Colleges were hopeful. They hoped to have students on campus and taking classes in person despite COVID-19. As we wrote this piece, some colleges are holding classes in person, but each day another college announces their classes will be moved to an online format. This list from The Chronicle of Higher Education tracks the status of nearly 3,000 institutions. As of 8/28/20, 49% were fully online, primarily online, or a hybrid (a combination of face-to-face and online offerings). 24% were still undecided with only 2.3% fully in person and 19% primarily in person. What does all this mean? It means there are lot of online college courses going on this semester!

Parents and students are understandably upset. Online courses are often not as good as the real thing–especially if they weren’t designed to be online in the first place. We have heard from some students who have online courses where the teacher is teaching virtually every class period, but too often, professors give students the read this book and answer these questions type of thing. Definitely not worth the high tuition price tag families are paying. Families have protested, and students have started petitions to try and get a price break.

Some colleges have tried to provide some relief.

Many colleges are considering additional aid for those families who need it because of COVID-19 hardship on a case-by-case basis like the University of Washington. However, across the board tuition breaks have been less frequent. Georgetown and Princeton are two of the “big” names discounting tuition by 10%. For the majority of colleges though, they simply cannot afford to cut tuition. Some universities have even implemented tuition increases like the University of Pennsylvania–despite being fully online.

What are the reasons colleges cannot cut tuition in these times of COVID-19?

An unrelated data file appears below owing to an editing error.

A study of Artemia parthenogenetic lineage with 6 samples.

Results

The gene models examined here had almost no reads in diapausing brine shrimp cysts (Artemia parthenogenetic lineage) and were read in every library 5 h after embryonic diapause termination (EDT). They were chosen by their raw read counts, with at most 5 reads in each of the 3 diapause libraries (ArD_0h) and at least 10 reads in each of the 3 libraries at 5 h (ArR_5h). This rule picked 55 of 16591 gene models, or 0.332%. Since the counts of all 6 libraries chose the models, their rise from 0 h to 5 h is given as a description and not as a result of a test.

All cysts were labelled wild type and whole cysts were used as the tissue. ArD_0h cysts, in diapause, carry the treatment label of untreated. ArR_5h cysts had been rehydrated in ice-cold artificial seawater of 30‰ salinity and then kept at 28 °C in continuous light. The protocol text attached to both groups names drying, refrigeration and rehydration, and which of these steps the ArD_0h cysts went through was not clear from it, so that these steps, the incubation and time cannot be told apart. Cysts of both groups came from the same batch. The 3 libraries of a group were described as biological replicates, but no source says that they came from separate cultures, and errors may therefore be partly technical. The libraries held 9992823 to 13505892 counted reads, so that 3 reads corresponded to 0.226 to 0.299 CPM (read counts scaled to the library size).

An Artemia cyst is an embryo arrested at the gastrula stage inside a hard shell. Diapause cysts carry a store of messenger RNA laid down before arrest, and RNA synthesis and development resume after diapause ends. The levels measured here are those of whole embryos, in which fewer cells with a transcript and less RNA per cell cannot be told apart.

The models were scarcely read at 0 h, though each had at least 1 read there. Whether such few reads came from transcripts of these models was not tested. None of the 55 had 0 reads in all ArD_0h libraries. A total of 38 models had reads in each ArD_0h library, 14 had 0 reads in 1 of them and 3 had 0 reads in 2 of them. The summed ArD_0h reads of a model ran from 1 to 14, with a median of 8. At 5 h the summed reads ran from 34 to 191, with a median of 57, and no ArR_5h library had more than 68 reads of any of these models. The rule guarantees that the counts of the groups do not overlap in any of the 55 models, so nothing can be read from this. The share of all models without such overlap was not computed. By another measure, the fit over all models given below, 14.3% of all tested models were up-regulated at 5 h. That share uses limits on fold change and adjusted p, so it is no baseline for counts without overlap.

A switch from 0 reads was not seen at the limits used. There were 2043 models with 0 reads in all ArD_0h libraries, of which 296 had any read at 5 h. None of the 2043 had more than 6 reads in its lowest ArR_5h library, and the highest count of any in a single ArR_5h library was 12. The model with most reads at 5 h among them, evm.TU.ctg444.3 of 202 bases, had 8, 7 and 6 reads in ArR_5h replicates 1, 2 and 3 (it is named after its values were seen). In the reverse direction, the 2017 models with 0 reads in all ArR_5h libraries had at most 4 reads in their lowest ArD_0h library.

The biggest reason is that the expenses the colleges are facing have not changed. The biggest costs faced by colleges are salaries and employee benefits. At public and private 4-year colleges, instruction is the largest expense category. The next largest category is “academic support, student services, and institutional support, which includes expenses associated with non-instructional activities, such as admissions, student activities, libraries, and administrative and executive activities.” Expenses like most of those as well as things like facility maintenance and utility costs don’t end simply because classes have moved online. In 2017–18, degree-granting postsecondary institutions in the United States spent $604 billion (in current dollars), according to the National Center for Education and Statistics. Public 4-year universities are spending over $46,000 per full-time equivalent student. (Privates are spending over $61,000. Ouch!)

Colleges are depending on those tuition dollars to stay in business, especially in these times when state funding is being slashed, and students are choosing to skip a year. Add on top of that the extra expenses universities are facing as they buy the tools to battle COVID-19. Other colleges are attempting to improve their online instruction capabilities and that costs money too. Every enrolled student and their tuition dollars is precious, and if students aren’t paying for room and board because they are staying home, then the situation gets even tighter.

Not all colleges are in the same boat.

Some colleges are more comfortable financially than others of course. For example, could Harvard choose to reduce their tuition? They have an endowment of $40.9 billion, and while they argue that their access to that endowment is limited (80% is restricted in its use), even a small percentage of $40.9 billion is still a healthy amount!

We can’t predict what this year, when some colleges have cut tuition and others have not, will do to pricing in the future. We do know that families are paying closer attention to what they are getting for their money, and they might not be happy about it.